Ezemvelo KZN Wildlife looks after a staggering 120-plus protected areas in the KwaZulu-Natal province of South Africa, providing conservation management and ecotourism to help preserve this unique area and its wildlife for generations to come. From the waterways of iSimangaliso Wetland Park to the mountains of Maloti-Drakensberg Park, with a host of game reserves in-between, there is truly something for everyone.
KwaZulu-Natal is the most ecologically diverse of South Africa’s nine provinces. It is bounded to the east by a magnificent 800km Indian Ocean coastline of wide sandy sun-drenched beaches hemmed in by the world’s tallest forested dunes. In complete contrast, its western border is formed by the formidable rock buttresses and burnished escarpment of the Maloti-Drakensberg Park, a 200km-long montane wilderness whose 3000-plus metre peaks are frequently dusted with snow in winter.
Between these extremes, KwaZulu-Natal hosts a rare and alluring biodiversity: enchanted mist-belt forests alive with monkeys, squirrels and a blissful bewilderment of birdsong; grassy midlands whose soft green contours and temperate climate evoke the finest of English summer days on eternal replay; coral gardens that swirl with colourful fish, ancient whale migration routes, frolicsome schools of dolphins and gigantic marine turtles that come ashore nocturnally to nest; and, last but not least, this being Africa, there are also vast tracts of classic thorny savannah roamed by lion, elephant and other safari favourites — including the world’s densest population of both black and white rhinoceros.
The custodian of this natural abundance is Ezemvelo KZN Wildlife, the government agency mandated to administer KwaZulu-Natal’s remarkable tally of more than 120 protected areas. The primary focus of Ezemvelo KZN Wildlife is the biodiversity and conservation management of KwaZulu-Natal’s myriad protected areas. These include several reserves of global importance. Not only is Ezemvelo KZN Wildlife the custodian of two magnificent UNESCO World Heritage Sites in the form of the Maloti-Drakensberg Park and iSimangaliso Wetland Park, but its world-class safari destinations – Hluhluwe-Imfolozi Park, Ithala and uMkhuze – have played a unique pioneering role in the conservation of Africa’s endangered rhinos.
A secondary but nevertheless vital role played by of Ezemvelo KZN Wildlife is the management of South Africa’s largest ecotourism operation. This incorporates a full 65 protected areas that offer overnight facilities of some sort, ranging from luxury lodges and comfortable well-equipped resorts to simple campsites set deep in the bush – even, in the case of the Maloti-Drakensberg Park, a few caves offered as natural shelters to dedicated hikers. In total, Ezemvelo KZN Wildlife provides more than 2500 beds per night across its portfolio of reserves, as well as camping facilities with a total capacity of 10,000 people per night. All these camps, resorts and lodges provide exceptionally good value to foreign and local visitors alike, making them ideal bases for independent and moderately adventurous outdoor enthusiasts to sample the wide range of experiences offered by Ezemvelo KZN Wildlife.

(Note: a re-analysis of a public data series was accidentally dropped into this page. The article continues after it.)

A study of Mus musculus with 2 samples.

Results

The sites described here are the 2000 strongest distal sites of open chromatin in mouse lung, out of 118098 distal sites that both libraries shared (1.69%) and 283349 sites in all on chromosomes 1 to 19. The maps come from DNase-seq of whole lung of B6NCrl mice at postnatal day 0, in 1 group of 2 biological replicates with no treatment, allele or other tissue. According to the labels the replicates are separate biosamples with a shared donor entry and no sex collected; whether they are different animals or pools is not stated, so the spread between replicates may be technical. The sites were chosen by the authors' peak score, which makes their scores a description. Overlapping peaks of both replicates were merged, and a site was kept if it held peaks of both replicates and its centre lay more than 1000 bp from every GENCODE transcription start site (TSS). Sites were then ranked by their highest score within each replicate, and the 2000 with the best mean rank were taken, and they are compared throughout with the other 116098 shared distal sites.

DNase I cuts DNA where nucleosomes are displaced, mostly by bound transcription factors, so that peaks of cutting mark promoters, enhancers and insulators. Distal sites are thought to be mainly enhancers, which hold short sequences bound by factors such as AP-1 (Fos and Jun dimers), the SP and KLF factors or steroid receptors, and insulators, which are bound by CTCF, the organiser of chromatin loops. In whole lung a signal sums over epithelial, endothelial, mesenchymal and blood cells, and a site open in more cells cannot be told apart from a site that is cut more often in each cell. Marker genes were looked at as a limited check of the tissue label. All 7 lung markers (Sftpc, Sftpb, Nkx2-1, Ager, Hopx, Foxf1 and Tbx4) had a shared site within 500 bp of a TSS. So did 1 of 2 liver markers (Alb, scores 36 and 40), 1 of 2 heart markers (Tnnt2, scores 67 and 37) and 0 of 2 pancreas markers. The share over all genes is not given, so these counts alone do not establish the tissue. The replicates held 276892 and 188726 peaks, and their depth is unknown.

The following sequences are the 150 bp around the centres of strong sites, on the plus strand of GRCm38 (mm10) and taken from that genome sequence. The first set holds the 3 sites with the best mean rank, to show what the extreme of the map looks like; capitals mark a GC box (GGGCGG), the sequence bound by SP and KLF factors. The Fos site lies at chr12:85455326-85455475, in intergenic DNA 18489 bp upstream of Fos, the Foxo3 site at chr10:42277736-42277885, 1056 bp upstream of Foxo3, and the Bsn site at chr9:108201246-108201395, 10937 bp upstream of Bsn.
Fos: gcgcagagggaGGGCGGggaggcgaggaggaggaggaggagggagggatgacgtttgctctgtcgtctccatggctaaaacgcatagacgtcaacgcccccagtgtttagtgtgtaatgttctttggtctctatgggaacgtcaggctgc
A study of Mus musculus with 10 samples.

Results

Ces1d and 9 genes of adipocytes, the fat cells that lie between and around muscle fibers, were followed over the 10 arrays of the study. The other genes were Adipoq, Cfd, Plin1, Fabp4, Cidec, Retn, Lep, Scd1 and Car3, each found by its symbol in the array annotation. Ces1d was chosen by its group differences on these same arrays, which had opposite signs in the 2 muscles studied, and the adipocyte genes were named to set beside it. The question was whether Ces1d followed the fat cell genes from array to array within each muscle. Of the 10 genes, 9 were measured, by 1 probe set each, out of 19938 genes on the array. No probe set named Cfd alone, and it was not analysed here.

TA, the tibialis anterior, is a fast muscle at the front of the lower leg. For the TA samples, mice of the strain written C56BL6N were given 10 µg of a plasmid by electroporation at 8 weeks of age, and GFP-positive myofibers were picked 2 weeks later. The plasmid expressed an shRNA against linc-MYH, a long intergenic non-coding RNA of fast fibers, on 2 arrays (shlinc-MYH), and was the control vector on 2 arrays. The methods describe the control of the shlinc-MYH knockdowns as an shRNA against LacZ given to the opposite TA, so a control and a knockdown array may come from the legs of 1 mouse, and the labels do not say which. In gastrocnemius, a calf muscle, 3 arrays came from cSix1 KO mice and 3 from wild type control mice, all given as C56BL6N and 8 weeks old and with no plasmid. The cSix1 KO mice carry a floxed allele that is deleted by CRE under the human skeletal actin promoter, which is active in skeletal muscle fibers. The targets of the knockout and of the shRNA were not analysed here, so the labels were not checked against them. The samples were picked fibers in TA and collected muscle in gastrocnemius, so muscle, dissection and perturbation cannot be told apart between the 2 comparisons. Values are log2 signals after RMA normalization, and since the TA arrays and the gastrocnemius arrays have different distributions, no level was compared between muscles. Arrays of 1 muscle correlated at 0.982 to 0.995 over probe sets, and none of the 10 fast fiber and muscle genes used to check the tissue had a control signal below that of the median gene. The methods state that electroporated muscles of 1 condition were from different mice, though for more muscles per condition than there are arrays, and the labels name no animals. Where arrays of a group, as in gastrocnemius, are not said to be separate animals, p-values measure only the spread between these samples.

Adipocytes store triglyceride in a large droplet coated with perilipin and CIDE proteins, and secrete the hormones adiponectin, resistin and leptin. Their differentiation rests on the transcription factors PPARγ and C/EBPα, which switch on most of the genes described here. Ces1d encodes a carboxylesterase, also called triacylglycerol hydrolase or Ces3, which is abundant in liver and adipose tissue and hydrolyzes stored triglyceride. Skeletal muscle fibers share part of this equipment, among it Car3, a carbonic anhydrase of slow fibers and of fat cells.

And what a unique and wonderful range of experiences these are. At the likes of Hluhluwe-Imfolozi Park, the primary activity is Big Five game viewing, whether from the comfort of your own car or in a guided 4WD tour, supplemented by guided game walks or (for the truly adventurous) overnight wilderness trails. The many reserves set in and around the Maloti-Drakensberg Park offer scenic, guided or self-guided walks into magnificent mountains adorned with mysterious prehistoric rock-art sites. The long pristine coastline protected within iSimangaliso Wetland Park is a superb base for marine activities such as snorkelling, diving, turtle-tracking and whale-watching, as well as close-up encounters with hippo and crocodile. Wherever you travel, the birdwatching is stunning, with more than 700 species recorded in the province. And when day ends, there is the embalming peace and quiet that characterises all the province’s reserves.
Tourists who stay overnight in the reserves, rather than popping in for day trips, have the added satisfaction of contributing directly to the conservation cause. Although Ezemvelo KZN Wildlife is a parastatal body, partly subsidised by provincial government, some 40 per cent of its operating budget is generated by its own business operations. Ezemvelo KZN Wildlife is also an important employer in rural areas, paying salaries estimated to support more than 30,000 people in communities that border its reserves. Furthermore, a levy on every tourist that pays to enter a protected area helps bolster a carefully administered Community Levy Fund, while dedicated staff help assist and teach good biodiversity conservation practices to local communities dependent on the sustainable use of natural resources — the very air that we breathe, water we drink and land upon which we walk.
The allure of the wild is reason enough to explore KwaZulu-Natal’s wonderful and uniquely diverse bouquet of protected areas. But by supporting the multifaceted custodianship of Ezemvelo KZN Wildlife, you also help maintain these magnificent parks for the benefit of both present and future generations.